Preventing displacement

Displacement can be a means of escaping violence but it can also bring great suffering. Displacement is not inevitable, so what can we do to prevent it?

The figures speak for themselves. As of December 2011, more than 26 million people were internally displaced, forced from their homes by armed conflict and insecurity, while millions more had sought refuge abroad. In addition, an estimated 15 million people were displaced by natural disasters in 2011 alone.

What the figures do not tell us is what displacement means for the people who are affected. Suffering displacement is often just the beginning of a series of challenges including continuing insecurity, further displacement through attacks on camps and settlements, and exposure to threats including sexual violence, forced recruitment and human trafficking. The personal emotional toll is immense.

Despite the efforts of humanitarian organisations, displacement often leads to hunger and illness, both physical and mental. There is a loss of dignity, as individuals and families become dependent on others for survival. Children are unable to go to school and many are not able to get the health care that they need. The effects of displacement can last a lifetime and beyond, damaging the prospects of future generations. For many displaced people in the world, the experience can result in a permanent loss of livelihood or employment opportunities, and can turn into chronic destitution. People lose contact with their countries, their cultures, their communities. It is devastating.

For some, temporary displacement is a way of protecting communities threatened by violence or disaster. After the threat has passed, people are able to return to their homes. But this is only possible if freedom of movement is respected and every effort is made to find solutions to the underlying factors which create the displacement.

Displacement is not inevitable, so what can we do to prevent it?

We can press all parties to armed conflict to respect international humanitarian law and protect the ordinary men, women and children. Fewer people would flee if warring parties took the necessary steps to spare them from the effects of hostilities, and complied with the principles of distinction and proportionality. We can and must do more to compel warring parties to refrain from using forced displacement as a weapon of war. In situations when it is used in this way, displacement may constitute a war crime or crime against humanity, and must be investigated and prosecuted as such.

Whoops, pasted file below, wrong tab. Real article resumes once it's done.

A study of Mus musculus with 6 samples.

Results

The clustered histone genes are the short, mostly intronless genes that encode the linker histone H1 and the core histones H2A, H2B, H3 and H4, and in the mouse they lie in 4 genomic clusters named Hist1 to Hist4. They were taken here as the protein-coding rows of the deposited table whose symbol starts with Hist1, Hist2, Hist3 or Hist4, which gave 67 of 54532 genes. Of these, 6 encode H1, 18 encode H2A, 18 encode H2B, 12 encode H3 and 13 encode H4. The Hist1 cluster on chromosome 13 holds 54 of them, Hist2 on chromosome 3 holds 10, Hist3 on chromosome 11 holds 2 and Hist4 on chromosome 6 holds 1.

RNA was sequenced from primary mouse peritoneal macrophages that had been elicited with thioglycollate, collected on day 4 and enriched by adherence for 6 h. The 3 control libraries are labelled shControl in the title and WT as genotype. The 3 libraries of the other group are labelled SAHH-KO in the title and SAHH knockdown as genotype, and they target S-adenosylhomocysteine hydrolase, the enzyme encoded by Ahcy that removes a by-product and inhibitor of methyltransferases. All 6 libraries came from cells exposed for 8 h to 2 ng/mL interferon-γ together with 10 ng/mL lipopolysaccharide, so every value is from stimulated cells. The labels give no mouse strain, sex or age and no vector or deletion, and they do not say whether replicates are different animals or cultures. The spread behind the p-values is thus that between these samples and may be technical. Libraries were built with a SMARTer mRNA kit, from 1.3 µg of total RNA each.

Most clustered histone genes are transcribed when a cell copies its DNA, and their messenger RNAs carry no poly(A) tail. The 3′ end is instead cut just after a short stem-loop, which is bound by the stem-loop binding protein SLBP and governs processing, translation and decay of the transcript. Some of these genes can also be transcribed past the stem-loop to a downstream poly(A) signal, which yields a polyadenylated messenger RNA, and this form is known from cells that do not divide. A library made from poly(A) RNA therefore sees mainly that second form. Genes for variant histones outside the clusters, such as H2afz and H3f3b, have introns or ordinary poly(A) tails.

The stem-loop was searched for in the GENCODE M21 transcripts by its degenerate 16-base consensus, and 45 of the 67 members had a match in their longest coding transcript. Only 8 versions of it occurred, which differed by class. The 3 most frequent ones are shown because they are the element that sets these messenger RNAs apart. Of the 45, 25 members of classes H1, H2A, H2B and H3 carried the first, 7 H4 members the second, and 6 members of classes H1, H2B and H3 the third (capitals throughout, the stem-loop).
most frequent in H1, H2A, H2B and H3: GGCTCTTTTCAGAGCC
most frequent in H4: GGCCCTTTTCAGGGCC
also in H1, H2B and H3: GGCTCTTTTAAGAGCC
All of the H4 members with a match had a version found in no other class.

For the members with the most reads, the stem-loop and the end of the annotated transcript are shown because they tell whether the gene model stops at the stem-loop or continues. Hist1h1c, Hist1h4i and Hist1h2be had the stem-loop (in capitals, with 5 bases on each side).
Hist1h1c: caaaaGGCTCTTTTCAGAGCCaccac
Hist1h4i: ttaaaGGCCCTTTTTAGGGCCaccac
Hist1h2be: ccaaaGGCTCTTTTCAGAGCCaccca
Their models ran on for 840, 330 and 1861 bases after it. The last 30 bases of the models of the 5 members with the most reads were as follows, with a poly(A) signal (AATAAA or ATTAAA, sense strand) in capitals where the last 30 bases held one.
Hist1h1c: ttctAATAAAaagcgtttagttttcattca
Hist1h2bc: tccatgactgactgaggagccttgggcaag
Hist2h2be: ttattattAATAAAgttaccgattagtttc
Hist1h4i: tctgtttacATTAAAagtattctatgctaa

The first international legally binding convention on Internally Displaced Persons, the African Union’s Convention for the Protection and Assistance of IDPs in Africa, requires states to take preventive measures to protect people from displacement in line with their obligations under international law. It also requires states to designate focal points to deal with the issue. States are legally required to prevent the political, social, cultural and economic exclusion and marginalisation that are likely to precede displacement. They have specific obligations to allocate resources, adopt national policies and strategies, and enact or amend laws to ensure that displacement is prevented, and set up early warning systems in areas where it could pose a problem. The Convention will enter into force on 6th December 2012, and I urge those states that have not done so to sign and ratify it without delay.

We must also do more to prepare for, and prevent, the displacement caused by extreme weather events. For example, in countries where there is drought on a regular basis, we know it is going to happen so it should not result in malnutrition. Regular flooding should not wash away entire villages. The work of the humanitarian and development community should help communities become more resilient. When communities and households are resilient, they are more able to withstand climate-related and economic changes without needing to leave home in search of food, work or shelter. Technical training, effective contingency planning, availability of trained emergency response teams, installation of weather stations, campaigns to raise community awareness and the provision of key emergency equipment can be effective tools to prevent the loss of life and risk of displacement in these circumstances.

We all recognise the importance of infrastructure development projects, like dams for hydroelectric power, and the benefits that these can bring to national economies. But indigenous groups in particular often rely on the land for their livelihood and as a basis for their cultural identity. If displacement cannot be avoided in developing infrastructure projects, the people affected should be part of the decision-making process on how it is to be carried out, and should be fully informed of the rights, choices and economic alternatives open to them.

I welcome the focus of this issue of Forced Migration Review. By learning from and building on our experience and by working with a wide range of the people involved, we can do more to prevent displacement and the suffering it brings.

 

Valerie Amos is United Nations Emergency Relief Coordinator and Under-Secretary-General for Humanitarian Affairs. For more information contact Amanda Pitt, OCHA New York.